Thursday, June 13, 2013

Thursday 13 June - Travel Conwy to Chester

It was raining lightly when we walked through the Conwy churchyard to the station. As we came out of the alley a local remarked that they didn't see too many live people coming out of there.
Being a request stop, intending passengers have to stand out in the rain to signal to the driver to stop. To make it worse the station is on a sharp curve so you hear the train arriving before you see it. There is an electronic board but I think this is just timetable information, and not actual. The board went blank at train time which wasn't very helpful or reassuring.
It was only two minutes late and we claimed our reserved seats on a full train.
The train runs through mile upon mile of dismal caravan sites. These are depressing enough but are only marginally worse than the row upon row of half-double houses and pre-war bungalows.
We arrived at Chester 15 minutes before the forecast said it was going to start raining. The forecast was correct.
The hotel is close to the station so we left our bags and walked into the city centre. The clock is a well-known tourist attraction and there are a lot of interesting buildings similar to Shrewsbury. 

Lunch was a ploughman's and a pint of bitter/trio of smoked fish and water.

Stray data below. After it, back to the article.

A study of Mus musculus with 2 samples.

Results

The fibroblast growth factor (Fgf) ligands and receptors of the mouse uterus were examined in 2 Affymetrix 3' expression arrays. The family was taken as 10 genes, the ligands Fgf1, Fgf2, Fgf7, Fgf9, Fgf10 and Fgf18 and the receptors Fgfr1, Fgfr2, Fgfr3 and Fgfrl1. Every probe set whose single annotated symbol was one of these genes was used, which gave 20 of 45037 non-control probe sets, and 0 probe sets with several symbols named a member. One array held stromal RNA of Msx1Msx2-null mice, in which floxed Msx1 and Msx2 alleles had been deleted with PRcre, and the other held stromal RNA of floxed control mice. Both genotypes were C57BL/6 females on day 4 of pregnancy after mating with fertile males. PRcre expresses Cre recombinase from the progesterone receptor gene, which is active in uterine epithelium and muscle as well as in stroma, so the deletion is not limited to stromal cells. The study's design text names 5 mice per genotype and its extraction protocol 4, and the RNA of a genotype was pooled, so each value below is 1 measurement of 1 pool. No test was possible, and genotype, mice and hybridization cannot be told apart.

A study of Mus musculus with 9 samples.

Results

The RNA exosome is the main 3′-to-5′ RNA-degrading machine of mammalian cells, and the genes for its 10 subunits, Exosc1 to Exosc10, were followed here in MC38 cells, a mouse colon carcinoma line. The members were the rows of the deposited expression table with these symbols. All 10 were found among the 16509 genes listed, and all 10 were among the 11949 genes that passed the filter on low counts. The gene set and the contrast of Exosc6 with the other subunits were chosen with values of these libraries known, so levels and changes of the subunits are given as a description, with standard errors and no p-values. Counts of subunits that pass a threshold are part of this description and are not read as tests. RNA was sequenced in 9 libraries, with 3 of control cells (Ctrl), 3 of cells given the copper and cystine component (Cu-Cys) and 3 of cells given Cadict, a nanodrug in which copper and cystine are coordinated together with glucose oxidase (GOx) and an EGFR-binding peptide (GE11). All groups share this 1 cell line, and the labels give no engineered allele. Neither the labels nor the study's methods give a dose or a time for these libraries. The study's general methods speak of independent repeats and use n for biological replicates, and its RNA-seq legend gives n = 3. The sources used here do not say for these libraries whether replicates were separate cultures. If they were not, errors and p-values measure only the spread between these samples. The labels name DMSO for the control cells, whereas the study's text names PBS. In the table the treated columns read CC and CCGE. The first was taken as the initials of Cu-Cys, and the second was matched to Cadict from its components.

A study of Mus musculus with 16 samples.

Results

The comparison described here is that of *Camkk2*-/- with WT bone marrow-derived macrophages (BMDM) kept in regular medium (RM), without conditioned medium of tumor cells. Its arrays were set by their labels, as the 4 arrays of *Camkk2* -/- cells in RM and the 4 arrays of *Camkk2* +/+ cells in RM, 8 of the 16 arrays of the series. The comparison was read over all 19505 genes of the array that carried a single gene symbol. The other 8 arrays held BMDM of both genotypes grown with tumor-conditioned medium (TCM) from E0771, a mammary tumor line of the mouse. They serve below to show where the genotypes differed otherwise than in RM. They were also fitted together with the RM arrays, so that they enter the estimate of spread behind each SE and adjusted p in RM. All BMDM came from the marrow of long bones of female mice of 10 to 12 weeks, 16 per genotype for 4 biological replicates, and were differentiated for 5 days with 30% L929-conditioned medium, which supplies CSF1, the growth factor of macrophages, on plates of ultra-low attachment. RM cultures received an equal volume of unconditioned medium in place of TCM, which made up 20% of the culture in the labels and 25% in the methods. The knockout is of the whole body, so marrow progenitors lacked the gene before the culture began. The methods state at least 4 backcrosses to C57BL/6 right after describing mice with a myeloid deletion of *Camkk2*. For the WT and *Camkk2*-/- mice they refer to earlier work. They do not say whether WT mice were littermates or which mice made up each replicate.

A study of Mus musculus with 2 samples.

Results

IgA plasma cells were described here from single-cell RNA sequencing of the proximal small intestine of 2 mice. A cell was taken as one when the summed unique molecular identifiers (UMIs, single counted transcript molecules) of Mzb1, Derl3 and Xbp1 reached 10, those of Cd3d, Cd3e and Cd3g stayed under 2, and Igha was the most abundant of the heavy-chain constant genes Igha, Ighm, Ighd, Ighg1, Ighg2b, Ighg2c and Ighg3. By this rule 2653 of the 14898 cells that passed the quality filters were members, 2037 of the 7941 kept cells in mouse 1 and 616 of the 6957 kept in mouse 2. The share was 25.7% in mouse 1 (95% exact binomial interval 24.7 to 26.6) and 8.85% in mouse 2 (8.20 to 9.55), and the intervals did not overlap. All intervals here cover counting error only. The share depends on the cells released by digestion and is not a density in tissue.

The cathedral is very large with a lot of stained glass but it is pretty dark and dingy. The organ concert had been cancelled and most of the place had been taken over for a series of mystery plays that were  being held starting in two weeks. There were wires around and men shouting at each other from high step ladders. To cap it all there were two women chattering to themselves while painting two wooden step ladders - one wonders why this had to be done in the cathedral at all. There was very little peace and quiet.
Some of the stained glass was gruesome like a panel devoted to the circumcision but these two were interesting
The covered market contained a good variety of producers, fruit, vegetables, cheese, meat and prepared meats as well as conserves etc. There were also clothing and other vendors. What a good idea - the vendors can set up their wares all through the year and people can shop regardless of the weather. I wonder why Ottawa doesn't think of something like this!
We walked along one of the rows which is the top level of the two level medieval shops in the city centre. I believe this is unique in Britain, at least.

After some heavier rain we came out in sunshine and walked around the city walls, about two miles in all. Walking anti-clockwise we saw the cathedral, the canal, the racecourse and the River Dee. At one point the rain had washed something sticky off the trees on to the walkway. It felt as if we had velcro soles walking on velcro.
Ducks were paddling in the weir which marked the end of the tidal estuary of the Dee

The Eastgate bridge over the River Dee.